The B2C consumer payments sector has witnessed significant disruption over the past five years as fintechs, neobanks, and big tech companies introduced innovative digital value propositions to the market. Apple and Google have become synonymous with digital wallets, while traditional issuers and payment networks have seen their brand prominence diminish to some extent.
However, the disruption of the payments sector is only just beginning. Even though consumers increasingly prefer Apple Pay and Google Pay for their payments, these digital wallets still rely on traditional card-based payment systems. Banks and payment networks may have lost some brand visibility, but consumers typically need their cards to make payments from these wallets.
This landscape may change rapidly with the emergence of real-time, account-to-account payments, which make it easier for consumers to make payments to each other and to merchants without requiring a physical card. Real-time payment schemes like Brazil’s Pix, India’s UPI, South Africa’s PayShap, and the US’s FedNow are gaining traction due to their convenience and the promise of lower transaction costs for merchants.
In conjunction with Open Banking, real-time payments pose a threat to the traditional financial institutions’ brands and roles in consumer payments. This sets the stage for markets outside of Asia, where super apps have taken the central stage in consumers’ lives and the payment journey.
What is a Super App?
Gartner defines a super app as a versatile application that offers a wide range of services and offerings within a single interface. Users can perform various activities, from peer-to-peer payments, shopping, and hailing a cab to buying cryptocurrency, job hunting, applying for loans, investing in equities, sending instant messages, and booking holidays.
Some of these services may belong to the super app itself, while others are sourced from various partners using application programming interfaces (APIs). This approach creates a seamless and enriched experience for users.
China’s WeChat is the largest super app globally, with over 1.2 billion users. It provides messaging, social networking, shopping, and payments, among other services. Other super apps in Asia include China’s AliPay, Indonesia’s GoJek, Careem in the Middle East and North Africa, and Grab in Southeast Asia.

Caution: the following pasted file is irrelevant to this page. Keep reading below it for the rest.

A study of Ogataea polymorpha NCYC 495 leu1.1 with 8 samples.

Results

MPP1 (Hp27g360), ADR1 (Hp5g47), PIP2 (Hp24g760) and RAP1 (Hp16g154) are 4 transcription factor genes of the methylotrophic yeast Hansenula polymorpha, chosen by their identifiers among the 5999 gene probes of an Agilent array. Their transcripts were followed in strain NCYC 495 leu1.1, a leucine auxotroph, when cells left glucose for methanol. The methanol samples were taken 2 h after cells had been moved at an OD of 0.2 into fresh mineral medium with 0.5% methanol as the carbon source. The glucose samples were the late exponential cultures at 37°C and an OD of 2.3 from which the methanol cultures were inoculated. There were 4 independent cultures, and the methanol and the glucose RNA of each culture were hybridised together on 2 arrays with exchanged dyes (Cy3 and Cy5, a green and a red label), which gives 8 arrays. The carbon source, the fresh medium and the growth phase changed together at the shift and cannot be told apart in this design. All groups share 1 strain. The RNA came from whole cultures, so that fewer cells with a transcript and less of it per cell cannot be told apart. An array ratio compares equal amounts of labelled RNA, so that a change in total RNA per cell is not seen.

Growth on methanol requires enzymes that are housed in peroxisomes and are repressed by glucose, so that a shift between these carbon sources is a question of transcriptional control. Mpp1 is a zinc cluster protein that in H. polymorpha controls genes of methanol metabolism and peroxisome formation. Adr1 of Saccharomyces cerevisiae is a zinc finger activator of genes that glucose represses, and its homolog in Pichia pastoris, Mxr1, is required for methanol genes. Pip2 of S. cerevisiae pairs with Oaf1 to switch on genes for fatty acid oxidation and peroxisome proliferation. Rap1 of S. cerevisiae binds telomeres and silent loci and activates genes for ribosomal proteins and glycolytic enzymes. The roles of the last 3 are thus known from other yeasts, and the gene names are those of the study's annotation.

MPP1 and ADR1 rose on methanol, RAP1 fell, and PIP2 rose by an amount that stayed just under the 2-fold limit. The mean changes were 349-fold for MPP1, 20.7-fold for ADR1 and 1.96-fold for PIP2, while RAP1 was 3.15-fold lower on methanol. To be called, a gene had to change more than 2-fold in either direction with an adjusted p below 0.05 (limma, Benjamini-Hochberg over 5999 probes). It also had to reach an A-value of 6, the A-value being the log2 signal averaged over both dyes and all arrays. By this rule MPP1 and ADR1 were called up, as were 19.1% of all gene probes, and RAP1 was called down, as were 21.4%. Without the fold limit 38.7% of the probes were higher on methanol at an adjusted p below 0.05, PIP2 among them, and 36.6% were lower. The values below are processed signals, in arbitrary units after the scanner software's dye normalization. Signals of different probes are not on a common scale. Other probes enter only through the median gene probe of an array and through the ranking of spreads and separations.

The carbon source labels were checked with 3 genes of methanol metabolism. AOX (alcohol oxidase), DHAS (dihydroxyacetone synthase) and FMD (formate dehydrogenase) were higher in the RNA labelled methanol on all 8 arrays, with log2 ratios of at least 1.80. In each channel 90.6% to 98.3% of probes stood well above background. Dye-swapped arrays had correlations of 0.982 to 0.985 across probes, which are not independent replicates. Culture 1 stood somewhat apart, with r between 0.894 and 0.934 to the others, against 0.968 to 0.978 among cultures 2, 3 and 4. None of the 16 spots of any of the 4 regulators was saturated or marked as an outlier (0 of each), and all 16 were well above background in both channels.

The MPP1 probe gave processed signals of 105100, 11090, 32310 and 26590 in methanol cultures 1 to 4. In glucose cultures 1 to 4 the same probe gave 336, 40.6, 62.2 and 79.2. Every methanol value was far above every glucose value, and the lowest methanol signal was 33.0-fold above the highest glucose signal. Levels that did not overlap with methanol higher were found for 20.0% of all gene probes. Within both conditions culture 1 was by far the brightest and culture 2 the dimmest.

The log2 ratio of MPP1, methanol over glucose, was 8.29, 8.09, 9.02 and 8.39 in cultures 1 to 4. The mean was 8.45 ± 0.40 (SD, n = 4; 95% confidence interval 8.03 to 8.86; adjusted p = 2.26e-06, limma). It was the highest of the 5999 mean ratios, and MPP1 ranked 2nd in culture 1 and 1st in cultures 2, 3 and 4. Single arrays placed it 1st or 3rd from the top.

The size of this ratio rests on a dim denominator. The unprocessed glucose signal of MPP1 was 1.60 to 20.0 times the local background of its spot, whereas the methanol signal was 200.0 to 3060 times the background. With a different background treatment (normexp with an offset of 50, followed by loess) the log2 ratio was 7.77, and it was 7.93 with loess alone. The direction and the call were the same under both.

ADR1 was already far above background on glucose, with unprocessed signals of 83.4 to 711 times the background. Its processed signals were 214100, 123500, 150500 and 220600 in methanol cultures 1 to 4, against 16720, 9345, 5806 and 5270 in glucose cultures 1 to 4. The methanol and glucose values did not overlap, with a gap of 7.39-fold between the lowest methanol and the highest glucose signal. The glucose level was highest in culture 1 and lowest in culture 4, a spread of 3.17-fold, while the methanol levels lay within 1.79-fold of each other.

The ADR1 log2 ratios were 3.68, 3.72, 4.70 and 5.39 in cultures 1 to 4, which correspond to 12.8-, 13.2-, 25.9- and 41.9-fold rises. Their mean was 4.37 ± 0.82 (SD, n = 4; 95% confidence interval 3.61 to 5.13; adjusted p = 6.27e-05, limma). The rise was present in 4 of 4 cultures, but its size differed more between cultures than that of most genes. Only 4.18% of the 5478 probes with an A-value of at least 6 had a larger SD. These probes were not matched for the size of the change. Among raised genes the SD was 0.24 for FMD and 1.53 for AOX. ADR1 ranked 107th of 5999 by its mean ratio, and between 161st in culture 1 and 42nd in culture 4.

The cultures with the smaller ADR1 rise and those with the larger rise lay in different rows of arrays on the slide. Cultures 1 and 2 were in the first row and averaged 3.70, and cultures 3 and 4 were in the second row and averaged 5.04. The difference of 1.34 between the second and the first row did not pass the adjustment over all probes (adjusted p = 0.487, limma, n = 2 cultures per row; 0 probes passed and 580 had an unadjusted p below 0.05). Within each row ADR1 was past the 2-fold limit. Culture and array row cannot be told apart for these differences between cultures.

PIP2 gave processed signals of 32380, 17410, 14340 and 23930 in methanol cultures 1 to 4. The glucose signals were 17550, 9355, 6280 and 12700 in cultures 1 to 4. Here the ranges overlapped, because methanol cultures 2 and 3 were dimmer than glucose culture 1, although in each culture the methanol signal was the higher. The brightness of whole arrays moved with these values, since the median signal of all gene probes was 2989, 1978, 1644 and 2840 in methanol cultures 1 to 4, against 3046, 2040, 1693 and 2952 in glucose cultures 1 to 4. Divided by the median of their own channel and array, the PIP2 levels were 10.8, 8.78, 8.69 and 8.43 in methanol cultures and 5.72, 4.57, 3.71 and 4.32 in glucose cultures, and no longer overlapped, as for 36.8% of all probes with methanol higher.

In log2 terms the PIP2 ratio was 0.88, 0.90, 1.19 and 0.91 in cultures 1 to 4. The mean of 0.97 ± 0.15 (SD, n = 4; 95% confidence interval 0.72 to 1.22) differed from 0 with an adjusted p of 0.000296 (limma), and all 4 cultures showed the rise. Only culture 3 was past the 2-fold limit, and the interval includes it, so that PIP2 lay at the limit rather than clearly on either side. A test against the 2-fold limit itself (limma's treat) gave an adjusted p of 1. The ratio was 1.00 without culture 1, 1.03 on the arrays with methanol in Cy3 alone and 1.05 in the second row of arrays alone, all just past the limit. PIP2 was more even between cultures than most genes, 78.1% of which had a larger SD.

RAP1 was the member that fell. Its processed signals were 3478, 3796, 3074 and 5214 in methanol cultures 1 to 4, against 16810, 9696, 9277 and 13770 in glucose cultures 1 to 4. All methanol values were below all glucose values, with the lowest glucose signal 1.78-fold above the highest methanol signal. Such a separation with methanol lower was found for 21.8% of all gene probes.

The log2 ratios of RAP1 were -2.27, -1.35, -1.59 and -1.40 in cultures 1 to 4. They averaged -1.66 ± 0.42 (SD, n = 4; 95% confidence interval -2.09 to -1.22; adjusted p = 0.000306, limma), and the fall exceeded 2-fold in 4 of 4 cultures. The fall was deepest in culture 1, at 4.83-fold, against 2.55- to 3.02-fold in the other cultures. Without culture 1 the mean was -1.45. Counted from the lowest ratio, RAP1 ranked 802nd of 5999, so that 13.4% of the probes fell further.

While super apps haven’t gained as much traction in North America or Europe, many companies are eyeing the super app opportunity. For instance, neobank Revolut offers a range of financial and non-financial services on its platform, and other big tech companies like Uber, Amazon, and Meta are expanding into new services and markets.
What Does this Mean for Banks?
Super apps have faced challenges gaining popularity in the Western world due to regulatory barriers, data sharing concerns, and consumer preferences for specialized apps. However, the rise of Open Banking and API-powered ecosystems may enable super apps to find a significant audience in some regions and among certain consumer segments.
For consumers, super apps offer a simpler way to manage multiple services, a consolidated view of their finances, and a more seamless payment experience. Super apps can also offer highly personalized services and experiences, along with more extensive loyalty and rewards programs due to the rich consumer data they collect.
For banks, the primary risk is that more customers will use super apps for various activities, potentially bypassing traditional banking apps and card payment systems. Super apps may also make it easier for users to compare and access various financial products offered by ecosystem partners.
However, not all hope is lost for banks. They hold a strong advantage in terms of regulatory compliance and the trust they have established with their customers. Many users prefer the convenience of a single app for all payments and trust their bank’s app for secure everyday activities.
Forward-thinking banks have a unique opportunity to strengthen their brands and play a more central role in their customers’ lives by developing well-thought-out super-app strategies.
The Legacy Hurdle?
While banks may have regulatory advantages and consumer trust, legacy technology remains a significant obstacle for those aiming to create super apps. Many banks rely on a patchwork of older payment systems, making it challenging to integrate new features and services quickly. They may also struggle with data silos, whereas super apps require a holistic view of customer data for personalized experiences.
While most institutions have initiated payment modernization programs, including the adoption of cloud-based systems and Agile and DevOps practices, these transformations may take years to complete. This situation is particularly complex for medium-sized institutions with limited IT budgets.
Integration platforms that can connect traditional payment systems with new digital channels can bridge the gap, enabling banks to keep up with fintech innovation. Such a solution allows banks to deploy new functionality rapidly without making significant changes to their legacy systems, helping them enter spaces like super apps.
Seizing the Super App Opportunity
Fintechs and big tech companies have elevated customer expectations for payments and banking experiences. Consumers are seeking convenient, simple, fast, and personalized solutions, and banks that cannot meet these expectations risk losing market share and seeing their brands displaced.
For some banks, super apps represent an opportunity to revamp their customer experience and enhance engagement. Overcoming legacy technology challenges is crucial, and integration platforms offer a viable solution. Adapting to these changes is essential for banks to stay competitive and relevant in the evolving consumer payments landscape.